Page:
Even if some newspapermen play the game every year of « this year was better than last year… » or « last year was much better », International Cannes Film Festival was again offering a huge number of films, with as always films between gems and failures. Both gems and failures could be of different kinds.
Some disasters were from mainstream cinema (The Da Vinci Code, by Ron Howard, USA) with no other purpose than marketing for the benefit of the distributor not for the Festival, some were experimental failures thinking doing audacious concept films when they repeat old experiments of the past (Hamaca Paraguya, by Paz Encina, Argentina, France, Paraguay). Some totally unsatisfied films were from new directors having ambitions (Southland Tales, by John Kelly, US; Scanner Darkly, by Richard Linklater, US) in the frame of narrative cinema, or from more experienced directors but going down in confusion in their own chaos (Gwai wik / Re-Cycled, Pang Brothers, Thailand, Hong-Kong), or having no ambition at all except expressing informations (the other film by Richard Linklater, Fast Food Nation, US).
Failures will be forgotten but gems will remain. Some countries were forgotten as usual in Cannes (Germany, India), some were not represented as before (many Asian countries which normally in Cannes are rather numerous), some were over represented also as usual (France, US). But thru this large offering of features and documentaries, lines could be tracked down in the world cinema, or parts of what is the cinematographic world.
Some have choose to do films about the past even talking of today, when some have choose to do films about today even looking in the past.
More interesting were directors which have proved nothing new with their last films, except historical vision, courage of opinion and perfection of style with Ken Loach and The Wind That Shakes The Barley who wins a very appropriate Golden Palm (UK, Germany, France). Intelligence, lightness in historical reconstruction, audacious relationship between yesterday and today is the mark of Marie-Antoinette (US) by Sofia Coppola , when Indigènes (France, Morocco, Tunisia) is a “John Fordian” adventure whih a political statement about history directed by Rachid Bouchareb. Summer Palace (China, France, Germany) by Lou Ye is and erratic vision of historical moment – Tien Ahmen for the fist time on a Chinese screen – but with no emotional result, when his brother in arms, Wang Chao is filming day-life in China today, that authorities doesn’t want to see in Luxury Cars (China, France).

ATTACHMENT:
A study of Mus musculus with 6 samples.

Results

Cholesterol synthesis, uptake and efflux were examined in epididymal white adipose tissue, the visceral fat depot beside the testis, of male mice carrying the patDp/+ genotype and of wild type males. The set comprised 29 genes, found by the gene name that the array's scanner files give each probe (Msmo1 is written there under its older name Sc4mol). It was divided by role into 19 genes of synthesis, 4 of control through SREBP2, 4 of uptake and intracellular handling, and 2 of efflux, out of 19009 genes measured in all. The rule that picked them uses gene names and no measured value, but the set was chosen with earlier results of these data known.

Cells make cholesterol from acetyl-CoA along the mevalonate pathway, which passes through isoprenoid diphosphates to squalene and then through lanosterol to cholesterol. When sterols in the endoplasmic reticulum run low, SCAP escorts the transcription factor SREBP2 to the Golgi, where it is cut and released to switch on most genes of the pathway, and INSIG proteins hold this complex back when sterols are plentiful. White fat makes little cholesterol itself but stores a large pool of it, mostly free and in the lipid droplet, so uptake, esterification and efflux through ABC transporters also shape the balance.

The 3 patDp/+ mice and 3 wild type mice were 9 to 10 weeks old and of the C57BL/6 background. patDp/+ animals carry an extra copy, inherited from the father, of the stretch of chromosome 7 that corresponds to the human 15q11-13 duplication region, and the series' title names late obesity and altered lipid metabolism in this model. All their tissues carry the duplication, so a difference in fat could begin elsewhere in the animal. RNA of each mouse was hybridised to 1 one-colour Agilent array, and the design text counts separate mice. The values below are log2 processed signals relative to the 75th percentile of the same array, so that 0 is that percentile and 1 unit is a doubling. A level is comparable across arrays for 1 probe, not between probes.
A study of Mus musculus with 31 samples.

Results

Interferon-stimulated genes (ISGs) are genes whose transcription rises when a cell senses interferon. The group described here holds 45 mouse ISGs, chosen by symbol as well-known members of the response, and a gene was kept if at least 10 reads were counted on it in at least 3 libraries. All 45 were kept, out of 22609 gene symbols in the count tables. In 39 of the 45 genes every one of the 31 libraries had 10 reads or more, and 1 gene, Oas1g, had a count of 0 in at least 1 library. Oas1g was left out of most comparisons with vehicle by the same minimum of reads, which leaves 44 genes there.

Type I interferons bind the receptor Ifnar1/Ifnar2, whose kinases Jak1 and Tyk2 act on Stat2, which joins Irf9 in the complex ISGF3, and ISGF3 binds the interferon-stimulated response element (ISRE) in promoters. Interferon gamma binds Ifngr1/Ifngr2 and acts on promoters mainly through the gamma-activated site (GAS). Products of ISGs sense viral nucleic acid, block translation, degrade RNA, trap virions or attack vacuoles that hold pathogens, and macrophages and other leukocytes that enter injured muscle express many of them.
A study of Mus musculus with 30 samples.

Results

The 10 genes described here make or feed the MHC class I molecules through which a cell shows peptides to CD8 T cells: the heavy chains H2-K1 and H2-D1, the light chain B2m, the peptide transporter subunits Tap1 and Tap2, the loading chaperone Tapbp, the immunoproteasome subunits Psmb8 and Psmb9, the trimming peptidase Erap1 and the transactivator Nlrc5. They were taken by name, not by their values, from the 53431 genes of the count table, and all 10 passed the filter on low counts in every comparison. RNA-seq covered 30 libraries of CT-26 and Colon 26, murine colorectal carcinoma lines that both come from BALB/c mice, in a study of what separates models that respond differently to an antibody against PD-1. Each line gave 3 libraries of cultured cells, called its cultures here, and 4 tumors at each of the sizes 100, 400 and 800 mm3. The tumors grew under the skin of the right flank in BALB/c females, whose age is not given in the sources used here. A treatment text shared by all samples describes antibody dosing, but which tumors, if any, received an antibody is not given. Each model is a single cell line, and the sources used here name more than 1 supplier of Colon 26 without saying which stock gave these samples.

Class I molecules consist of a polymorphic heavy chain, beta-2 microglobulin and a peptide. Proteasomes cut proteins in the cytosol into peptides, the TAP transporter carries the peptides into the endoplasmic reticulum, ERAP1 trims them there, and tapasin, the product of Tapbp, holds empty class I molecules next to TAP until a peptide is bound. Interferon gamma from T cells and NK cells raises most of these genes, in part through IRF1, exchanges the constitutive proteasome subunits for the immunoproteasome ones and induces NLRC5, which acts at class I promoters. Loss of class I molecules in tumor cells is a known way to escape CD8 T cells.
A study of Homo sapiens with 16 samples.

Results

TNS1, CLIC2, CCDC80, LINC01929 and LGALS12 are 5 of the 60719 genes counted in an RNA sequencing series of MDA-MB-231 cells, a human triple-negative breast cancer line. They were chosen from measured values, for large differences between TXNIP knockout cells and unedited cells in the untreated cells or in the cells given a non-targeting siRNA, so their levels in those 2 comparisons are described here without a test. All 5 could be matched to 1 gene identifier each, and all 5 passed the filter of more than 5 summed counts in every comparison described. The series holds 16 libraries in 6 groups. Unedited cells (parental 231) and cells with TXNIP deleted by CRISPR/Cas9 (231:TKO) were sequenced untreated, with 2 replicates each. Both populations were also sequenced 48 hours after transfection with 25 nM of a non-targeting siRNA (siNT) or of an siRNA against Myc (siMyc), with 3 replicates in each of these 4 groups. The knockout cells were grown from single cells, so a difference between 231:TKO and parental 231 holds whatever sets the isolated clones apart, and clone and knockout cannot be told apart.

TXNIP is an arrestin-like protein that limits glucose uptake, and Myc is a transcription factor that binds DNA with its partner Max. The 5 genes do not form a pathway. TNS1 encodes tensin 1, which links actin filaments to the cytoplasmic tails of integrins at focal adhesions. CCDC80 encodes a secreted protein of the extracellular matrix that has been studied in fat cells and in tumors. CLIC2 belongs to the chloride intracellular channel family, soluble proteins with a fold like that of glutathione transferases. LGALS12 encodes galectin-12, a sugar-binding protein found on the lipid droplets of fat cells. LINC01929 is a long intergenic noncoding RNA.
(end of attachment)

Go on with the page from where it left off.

In Spain today, humour, elegance, undisputable cleverness to express deep thoughts with lightness, is produced by Pedro Almodovar, with Volver (Spain), when sharp managing of emotions in a very confined frame is made by Nuri Bilge Ceylan in Iklimler / Climates (Turkey, forgotten in the awards), and an ironic vision of people in a stylised world is presented again by Aki Kaurismaki and Laitakaupungin valot / Lights in the Dusk (Finland). Il Caimano (Italy) is necessary satiric comedy as a political tool by Nanny Moretti and The Host (South-Korea), a superb reverse “cliché” of the “monster film” as a political comment by Bong Joon-ho (refused as an Official entry, but screened with a lot of success in Director’s Fortnight). Alejandro Gonzales Innaritu with Babel (Mexican, US) shows again his powerful competency in “mise en scène” asking questions about world, present and future, and Johnnie To demonstrates unexpectedly a powerful statement about political power in a violent story of gangsters with Elections 2 (Hong-Kong). United 93 (US ) is a social critic of a political event reconstructed by Paul Greengrass, when a mix of genres between history and fantasy happens in El Laberinto del fauno / Pan’s Labyrinth (Spain) by Guillermo del Toro, but opposite to any ”barocco”, redemption thru violence of war and style economy distinguishes Bruno Dumont and Flandres / Flanders (France).
But some films who were not answering to any classical criteria, were as interesting as the one mentioned before, sometimes with their own weakness or limitation of their concept, as Ten Canoes (Australia) of Rolf de Herr in an audacious reconstruction of anthropologic approach, the sometimes confused Il regista di matrimonio by Marco Bellochio (Italy) but always inventive, and the non fiction essays of Garin Nugruho about tsunami with no exploitation of pathos (Serambi, Indonesia), or Sidney Pollack observations and notes about giant provocative architect Frank Ghery (Sketches by Frank Gehry, US).
Last but not the least, for the fullfillment of total discovery, a film coming from an unknown or almost unknown director, was Taxidermia, by Hungarian Georg Palfi, a tremendous, audacious, vision of national history of the last seventy years in a fascinating cinematographic vision of grotesque mankind, moral and physical cruelty.
From the most conventional type of film opening the festival (The Da Vinci Code) to the discovery of a total original writer-director coming from an almost lost country for industrial production, Cannes is – as always – a mix of differents types of expressions, styles, ambitions, and results, able to renew again every year.